Performance Cancellations: Your Grief is Valid

It’s hard to escape news and social media feeds saturated with news and reactions to COVID-19. Every day the number of infected and dead increases. With that being said, you may feel guilty for grieving your cancelled high school, college, or community theatre production. Don’t. While it’s important to have empathy for others, that doesn’t invalidate your feelings.

In times of peril, we as humans feel a lot. Personally, I’m scared for my immune compromised friends and family. I’m angry at the federal government for their sluggish reaction. I’m disappointed I won’t be seeing my coworkers for awhile. And even though things could always be worse, my feelings are still valid and so are yours.

Many people outside the industry do not understand what goes into a theatrical production. They see the finished product, but not so much the work and passion that goes into it. The other night I saw a video of a young woman who is a senior in high school. She was preparing to star as Belle in her school’s production of “Beauty and the Beast” in two weeks. Now, with the production cancelled, she doesn’t know if she will ever get the opportunity to play the role again. For these students, their months of hard work lay by the wayside.

My point is not to claim that a student’s cancelled extracurricular activities equate to the distress caused by sickness or loss of life. I also do not mean to downplay the loss of income and benefits professional performers and anyone else in the industry are dealing with. However, we all should be able to grieve what we’ve lost without judgement.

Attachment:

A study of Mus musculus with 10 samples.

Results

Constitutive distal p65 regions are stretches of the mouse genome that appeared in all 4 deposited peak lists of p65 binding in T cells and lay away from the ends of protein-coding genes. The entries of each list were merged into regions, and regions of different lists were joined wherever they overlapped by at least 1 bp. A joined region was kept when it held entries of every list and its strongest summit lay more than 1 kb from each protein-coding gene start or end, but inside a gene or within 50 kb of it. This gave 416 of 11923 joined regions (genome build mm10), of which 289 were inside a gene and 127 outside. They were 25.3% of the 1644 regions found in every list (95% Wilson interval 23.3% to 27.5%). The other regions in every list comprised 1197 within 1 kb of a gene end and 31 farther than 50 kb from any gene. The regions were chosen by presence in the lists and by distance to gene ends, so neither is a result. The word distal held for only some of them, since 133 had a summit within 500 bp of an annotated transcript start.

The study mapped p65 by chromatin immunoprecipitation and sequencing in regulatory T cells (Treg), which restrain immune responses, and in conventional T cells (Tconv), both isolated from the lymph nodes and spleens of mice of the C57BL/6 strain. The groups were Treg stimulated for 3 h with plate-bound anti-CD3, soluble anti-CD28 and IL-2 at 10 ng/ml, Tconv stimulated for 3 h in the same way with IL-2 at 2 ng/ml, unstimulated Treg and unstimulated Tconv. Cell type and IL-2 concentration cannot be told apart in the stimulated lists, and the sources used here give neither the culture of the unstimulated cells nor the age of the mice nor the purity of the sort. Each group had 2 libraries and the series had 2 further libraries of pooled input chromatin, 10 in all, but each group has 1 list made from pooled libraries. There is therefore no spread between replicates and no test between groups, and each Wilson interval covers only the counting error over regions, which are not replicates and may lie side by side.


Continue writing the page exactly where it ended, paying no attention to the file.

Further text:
Studies show that bottling up emotions actually make them stronger.

Experts recommend 4 steps to cope with your emotions in a healthy manner:

  1. Acknowledge the Emotion
  2. Confront the Cause
  3. Owning Your Response
  4. Making Time for Self-Care

Specifically, if you are upset over a cancelled production, even sharing a homebound performance on social media can be cathartic. While you should not convene with your cast in person, consider setting up a gathering on Zoom for a reading/sing-through of your play or musical. Here at Long Island Theatre Scene, we would be happy to share any of your content on our social media pages.

All in all, the beautiful part of theatre is that it allows us to get in touch with our emotions. We may be isolated right now, but don’t let that stop you from doing what you love.